Love Keeps No Record of Wrongs
(no husbands were harmed in the making of this post)
Of all the attributes of love, this is by far one of the hardest ones for me.
“... [love] keeps no record of wrongs”
All too often I want to respond in an argument with a list of all the wrongdoings imposed on me.
Like that one time he implied I was unintelligent.
Or that other time he insinuated I needed to lose weight.
The frustrating thing is when it matters most, my memory gives out on me. Yet, in the midst of an argument, the infamous record appears, asking to be used to satisfy my “righteous” anger.
This record is a detailed record, one in which I can recall the who, what, when, where, and why. And it isn’t enough to remember the physical details, but I can remember the feelings as well -- the sting behind the unintentional hurtful comment and the feelings of inferiority.
It has taken years of self-realization to recognize that when I bring up those moments in the heat of an argument, I want to play “woe is innocent me.”
I forget about all of my faults and instead, want to focus on all of the ways my partner or friend has failed me. Nevermind, all of the times I’ve been forgiven when I’ve fallen short. In this moment, it’s about seeking justice for all of the wrongdoings regardless of the role I played.
But love keeps no record of those wrongdoings. It does not keep score of who said I’m sorry first, or who said it last.
You might ask if love keeps no record of wrongdoing then why is it so easy to recall past offenses? Does it mean, I don’t really love him?
Why does this record find its way front and center in the midst of a disagreement? It is because, in the moments of feeling anger, pain, and confusion, they replace the emotional feelings of love.
But love is more than feelings, love is an action, a choice. It is rooted in something deeper than our ever changing, flippant feelings.
It is the choice to forgive, even when the offender doesn’t think they’ve done anything wrong.
Love is the choice to say I’m sorry first, unconditionally, even when you don’t want to.
Love is moving past a person’s actions and reflecting on yours because we are not innocent.
Love is admiring that we are weak and sinful, and so is every other person on this earth.
“Forgive them, Lord, for they know not what they do.” - That should be our mantra.
Love is recognizing that your feelings are valid, but the same can go for the wrongdoer. There is only one right way, and it is not yours or his, but God’s.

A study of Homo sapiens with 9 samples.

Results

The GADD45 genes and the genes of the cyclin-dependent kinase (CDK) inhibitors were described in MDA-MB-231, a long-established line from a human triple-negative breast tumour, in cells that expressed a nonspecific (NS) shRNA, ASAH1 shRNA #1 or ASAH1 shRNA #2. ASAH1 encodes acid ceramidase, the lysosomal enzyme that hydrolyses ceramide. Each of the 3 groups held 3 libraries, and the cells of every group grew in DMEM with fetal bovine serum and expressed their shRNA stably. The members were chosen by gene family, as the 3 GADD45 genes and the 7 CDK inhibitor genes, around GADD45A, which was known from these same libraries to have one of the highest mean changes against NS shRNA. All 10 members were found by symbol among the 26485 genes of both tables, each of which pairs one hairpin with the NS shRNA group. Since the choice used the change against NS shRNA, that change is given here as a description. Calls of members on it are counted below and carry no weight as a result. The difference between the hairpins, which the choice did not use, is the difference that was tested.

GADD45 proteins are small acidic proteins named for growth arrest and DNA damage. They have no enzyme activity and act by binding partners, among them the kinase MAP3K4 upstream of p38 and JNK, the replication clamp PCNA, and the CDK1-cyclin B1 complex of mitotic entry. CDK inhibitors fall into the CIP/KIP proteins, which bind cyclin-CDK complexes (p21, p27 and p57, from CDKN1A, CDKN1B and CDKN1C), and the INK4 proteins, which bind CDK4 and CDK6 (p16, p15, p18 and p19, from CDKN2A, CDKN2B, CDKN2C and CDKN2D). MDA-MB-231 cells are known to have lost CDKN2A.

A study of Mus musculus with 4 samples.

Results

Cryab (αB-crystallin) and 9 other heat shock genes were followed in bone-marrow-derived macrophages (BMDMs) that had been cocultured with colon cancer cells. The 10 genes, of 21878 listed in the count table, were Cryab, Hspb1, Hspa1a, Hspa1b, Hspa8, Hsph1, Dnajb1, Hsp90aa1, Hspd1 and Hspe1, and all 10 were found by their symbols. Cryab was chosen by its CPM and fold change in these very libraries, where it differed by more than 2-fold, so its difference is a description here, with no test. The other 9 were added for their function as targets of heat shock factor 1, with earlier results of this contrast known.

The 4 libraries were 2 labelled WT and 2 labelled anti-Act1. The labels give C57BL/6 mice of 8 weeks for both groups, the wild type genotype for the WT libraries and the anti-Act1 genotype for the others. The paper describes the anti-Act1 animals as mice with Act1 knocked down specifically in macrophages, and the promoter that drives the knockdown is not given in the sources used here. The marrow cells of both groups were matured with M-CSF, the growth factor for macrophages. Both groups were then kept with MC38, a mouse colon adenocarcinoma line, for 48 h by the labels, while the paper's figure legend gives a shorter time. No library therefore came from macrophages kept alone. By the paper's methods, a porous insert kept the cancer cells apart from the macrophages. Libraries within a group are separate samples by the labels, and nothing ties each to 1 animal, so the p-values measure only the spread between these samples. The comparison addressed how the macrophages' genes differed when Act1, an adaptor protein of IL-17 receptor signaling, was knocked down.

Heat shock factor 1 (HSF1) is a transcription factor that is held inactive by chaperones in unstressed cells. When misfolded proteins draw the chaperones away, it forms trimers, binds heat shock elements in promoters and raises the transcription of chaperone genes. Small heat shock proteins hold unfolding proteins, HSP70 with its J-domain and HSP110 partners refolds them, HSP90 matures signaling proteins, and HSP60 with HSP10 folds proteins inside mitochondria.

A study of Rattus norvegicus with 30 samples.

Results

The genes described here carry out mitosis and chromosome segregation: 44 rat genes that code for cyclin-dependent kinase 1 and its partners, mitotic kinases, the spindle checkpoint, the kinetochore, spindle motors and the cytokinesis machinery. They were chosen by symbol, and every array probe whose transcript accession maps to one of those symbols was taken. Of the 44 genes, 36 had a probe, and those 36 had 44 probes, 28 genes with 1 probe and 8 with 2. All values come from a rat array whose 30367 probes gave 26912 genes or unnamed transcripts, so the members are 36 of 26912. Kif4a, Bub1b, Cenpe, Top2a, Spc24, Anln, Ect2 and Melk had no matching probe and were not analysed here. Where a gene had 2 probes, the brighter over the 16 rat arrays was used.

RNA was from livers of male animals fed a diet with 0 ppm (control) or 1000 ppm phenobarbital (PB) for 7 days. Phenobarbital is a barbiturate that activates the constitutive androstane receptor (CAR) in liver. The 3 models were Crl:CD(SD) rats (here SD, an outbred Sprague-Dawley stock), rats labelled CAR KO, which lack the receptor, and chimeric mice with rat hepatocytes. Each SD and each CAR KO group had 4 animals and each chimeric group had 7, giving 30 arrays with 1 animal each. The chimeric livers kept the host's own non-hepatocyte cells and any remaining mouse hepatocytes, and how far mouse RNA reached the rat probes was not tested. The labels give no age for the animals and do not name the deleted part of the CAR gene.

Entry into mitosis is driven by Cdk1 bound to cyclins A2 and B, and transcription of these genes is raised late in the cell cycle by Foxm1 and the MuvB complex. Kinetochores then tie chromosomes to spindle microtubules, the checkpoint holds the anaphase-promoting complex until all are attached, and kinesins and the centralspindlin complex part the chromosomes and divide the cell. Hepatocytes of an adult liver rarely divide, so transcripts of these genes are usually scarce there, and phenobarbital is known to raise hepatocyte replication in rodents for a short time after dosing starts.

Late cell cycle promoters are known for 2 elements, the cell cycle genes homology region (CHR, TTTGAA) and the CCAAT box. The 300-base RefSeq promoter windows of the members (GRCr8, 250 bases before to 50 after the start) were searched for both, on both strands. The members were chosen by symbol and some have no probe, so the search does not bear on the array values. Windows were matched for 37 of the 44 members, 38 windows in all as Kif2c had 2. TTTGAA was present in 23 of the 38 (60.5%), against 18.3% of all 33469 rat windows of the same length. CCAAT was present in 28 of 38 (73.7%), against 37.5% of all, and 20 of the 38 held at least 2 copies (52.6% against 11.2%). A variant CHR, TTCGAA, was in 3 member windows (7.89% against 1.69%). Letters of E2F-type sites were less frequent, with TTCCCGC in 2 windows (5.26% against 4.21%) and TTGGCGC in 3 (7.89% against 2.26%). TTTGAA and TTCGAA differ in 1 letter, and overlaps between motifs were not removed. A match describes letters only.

Love is having the patience even when you don’t want to have the patience.
Love is not boasting, especially in your “righteousness” (woe is innocent me).
Love is hard.
So why is it that in the moment in which we feel most unloved, we respond in an unloving fashion? Are we not doing what we hate? We get upset because ultimately we don’t feel loved or respected, so we respond in the most unloving way, by keeping record of all the wrong we’ve endured.
But I am here to tell you, this record of wrongdoing is not love. It is meant to tear you apart from your spouse or your friend. It does not uplift and encourage, but belittles and destroys.
Sister, in the heat of the moment, when all you want to do is focus on the past and that record of hurts, pause and rise above those feelings.
Love is a choice you can make despite those feelings because our ultimate Lover, our Father God, loves all of us with all of our sin smeared all over the place. We can love “because He first loved us.”
4 Tips for Rising Above Your Feelings
Pause and reflect. In the heat of a disagreement, pause before you respond. Whether it is face-to-face or via text/email. Pause and reflect on what you want to say.
Will your words help or hurt the situation?
Preach to yourself. The moment I found myself wanting to list out someone else’s faults was the moment I started preaching to myself “Love is patient, love is kind…. It keeps no record of wrongdoings”. Find your own verse or quote and remind yourself of its truth when you need it most.
Ask yourself, what do you really want? Do you want an apology? Are you trying to change someone else’s mind? Why am I feeling this way? Was the comment/action intentionally meant to hurt me? The answers to these questions should direct your response.
Forgive. We are all called to forgive, regardless of the other person’s actions. Forgiveness does not negate consequences but instead, it will free you from emotional bondage.